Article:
In 2016, contacts were established with many professional associations, and communication with regional institutions and business organisations increased. The embassy has, in cooperation with local unions and organisations, arranged events to introduce Estonia. During the past few years, multiple business seminars and trips have taken place to enliven economic relations between the two countries. Estonia’s participation in the Milan EXPO 2015 presented an excellent opportunity to strengthen economic ties.
For the past years, Italy has been Estonia’s 14th to 15th trading partner and trade with Italy has made up around 1,8% of Estonia’s total trade. Estonian exports to Italy have gradually decreased and currently stand for less than 1% of the country’s total exports. Imports from Italy have grown slightly.
Estonia-Italy trade 2006-2016 (in millions EUR):
All economic figures originate from the Statistics Estonia
Machines and equipment are the main items of both export and import. In the case of export, these are mainly phones, electronic components, electric motors and generators and transformers as well as sound and visual signal devices. Other notable exports include paper pulp and cardboard, firewood, solid fuels, densified wood, veneer and profiled wood in addition to cheese and fish products, printed circuit boards and wooden houses.
From Italy, Estonia imports workbenches, taps and pumps, aluminium wire, pipe junctions and hollow sections and naturally the products of Italian clothing manufacturers.
Estonia’s main export articles in to Italy 2014:
Estonia’s main import articles to Italy in 2014:
According to the Bank of Estonia, as of 30.06.2016, 0.6% of Estonia’s foreign direct investment came from Italy in the total amount of 112.7 million euros. Most of the investments were directed to professional, scientific and technical activities (41%), real estate (25%) and finance and insurance activities (10%).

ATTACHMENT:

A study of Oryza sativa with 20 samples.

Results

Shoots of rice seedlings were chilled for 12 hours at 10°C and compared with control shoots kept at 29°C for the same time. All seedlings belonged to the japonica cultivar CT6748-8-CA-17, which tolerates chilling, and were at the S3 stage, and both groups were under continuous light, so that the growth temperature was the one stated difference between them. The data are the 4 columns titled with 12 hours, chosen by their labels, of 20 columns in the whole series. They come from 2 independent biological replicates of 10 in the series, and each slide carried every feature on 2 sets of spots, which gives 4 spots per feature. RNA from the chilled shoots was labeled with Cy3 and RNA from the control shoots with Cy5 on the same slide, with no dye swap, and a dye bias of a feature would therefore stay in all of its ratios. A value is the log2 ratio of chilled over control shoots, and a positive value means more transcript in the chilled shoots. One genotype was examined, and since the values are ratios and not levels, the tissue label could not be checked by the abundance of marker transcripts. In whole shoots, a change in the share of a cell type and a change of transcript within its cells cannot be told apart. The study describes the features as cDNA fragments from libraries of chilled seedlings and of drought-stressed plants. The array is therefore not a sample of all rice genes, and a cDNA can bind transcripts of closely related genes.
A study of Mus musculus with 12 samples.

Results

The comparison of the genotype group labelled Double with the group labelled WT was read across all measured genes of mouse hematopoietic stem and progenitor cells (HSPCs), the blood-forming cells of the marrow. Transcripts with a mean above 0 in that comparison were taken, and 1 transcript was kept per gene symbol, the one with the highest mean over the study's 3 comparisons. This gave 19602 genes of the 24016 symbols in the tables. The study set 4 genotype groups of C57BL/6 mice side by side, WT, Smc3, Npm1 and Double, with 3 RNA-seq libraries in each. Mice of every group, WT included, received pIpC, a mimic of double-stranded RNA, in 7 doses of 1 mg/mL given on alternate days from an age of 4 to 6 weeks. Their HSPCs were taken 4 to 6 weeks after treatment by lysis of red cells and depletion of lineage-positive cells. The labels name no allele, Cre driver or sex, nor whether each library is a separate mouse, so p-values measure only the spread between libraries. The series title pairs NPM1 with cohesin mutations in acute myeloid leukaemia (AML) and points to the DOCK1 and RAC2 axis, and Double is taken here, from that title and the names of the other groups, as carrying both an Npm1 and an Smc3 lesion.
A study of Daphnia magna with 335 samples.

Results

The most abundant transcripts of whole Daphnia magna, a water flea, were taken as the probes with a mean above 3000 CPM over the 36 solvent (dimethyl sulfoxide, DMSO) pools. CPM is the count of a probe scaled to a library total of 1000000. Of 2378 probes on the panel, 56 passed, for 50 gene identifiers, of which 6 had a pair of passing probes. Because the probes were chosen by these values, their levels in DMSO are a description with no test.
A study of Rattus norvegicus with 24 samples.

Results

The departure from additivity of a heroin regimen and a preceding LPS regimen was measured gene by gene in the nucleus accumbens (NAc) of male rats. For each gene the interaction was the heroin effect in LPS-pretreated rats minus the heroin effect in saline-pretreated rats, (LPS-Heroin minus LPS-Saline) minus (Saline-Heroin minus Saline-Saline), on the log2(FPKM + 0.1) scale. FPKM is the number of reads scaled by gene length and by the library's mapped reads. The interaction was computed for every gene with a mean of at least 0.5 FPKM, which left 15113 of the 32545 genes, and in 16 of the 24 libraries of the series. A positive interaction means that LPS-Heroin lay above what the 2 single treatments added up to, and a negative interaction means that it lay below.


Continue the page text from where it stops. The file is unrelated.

As of 13.04.2016, 340 Estonian enterprises with Italian co-ownership were registered in the Estonian Business Register.
Estonia’s foreign direct investments in Italy amounted to 101.5 million euros as of the same date, which represented 1,8% of all total investments in foreign countries. The main sectors were: the manufacturing industry, wholesale and retail trade activities,hospitality and catering, real estate and professional, scientific and technical activities.
Estonia’s accession to the European Union in 2004 provided a strong impetus for the increase of tourism – the number of Italian tourists accommodated in Estonia in that year grew by 95% and in 2005 by 100% (over 26,700) compared to previous years. A new growth in the number of Spanish tourists came in 2011, when Tallinn was the European Capital of Culture. The number of accommodated tourists in that year was 33,618. In 2012, 30,574 Italian tourists were accommodated in Estonia, in 2013 that number was 26 506 and in 2014 26 968. In addition to Tallinn, tourists from Italy were also particularly interested in the counties of Tartumaa and Pärnumaa.
Estonia is known as a pleasant destination as it has been presented in Italian media on multiple occasions. Tallinn is also an important port for cruise ships on the Baltic Sea. More flights between Tallinn Lennart Meri Airport and Italy would certainly help improve tourism opportunities.
In 2015, 68,745 Italian tourists were accommodated in Estonia, in 2016 that number was 70 874. In addition to Tallinn, tourists from Italy were also particularly interested in the counties of Tartumaa and Pärnumaa.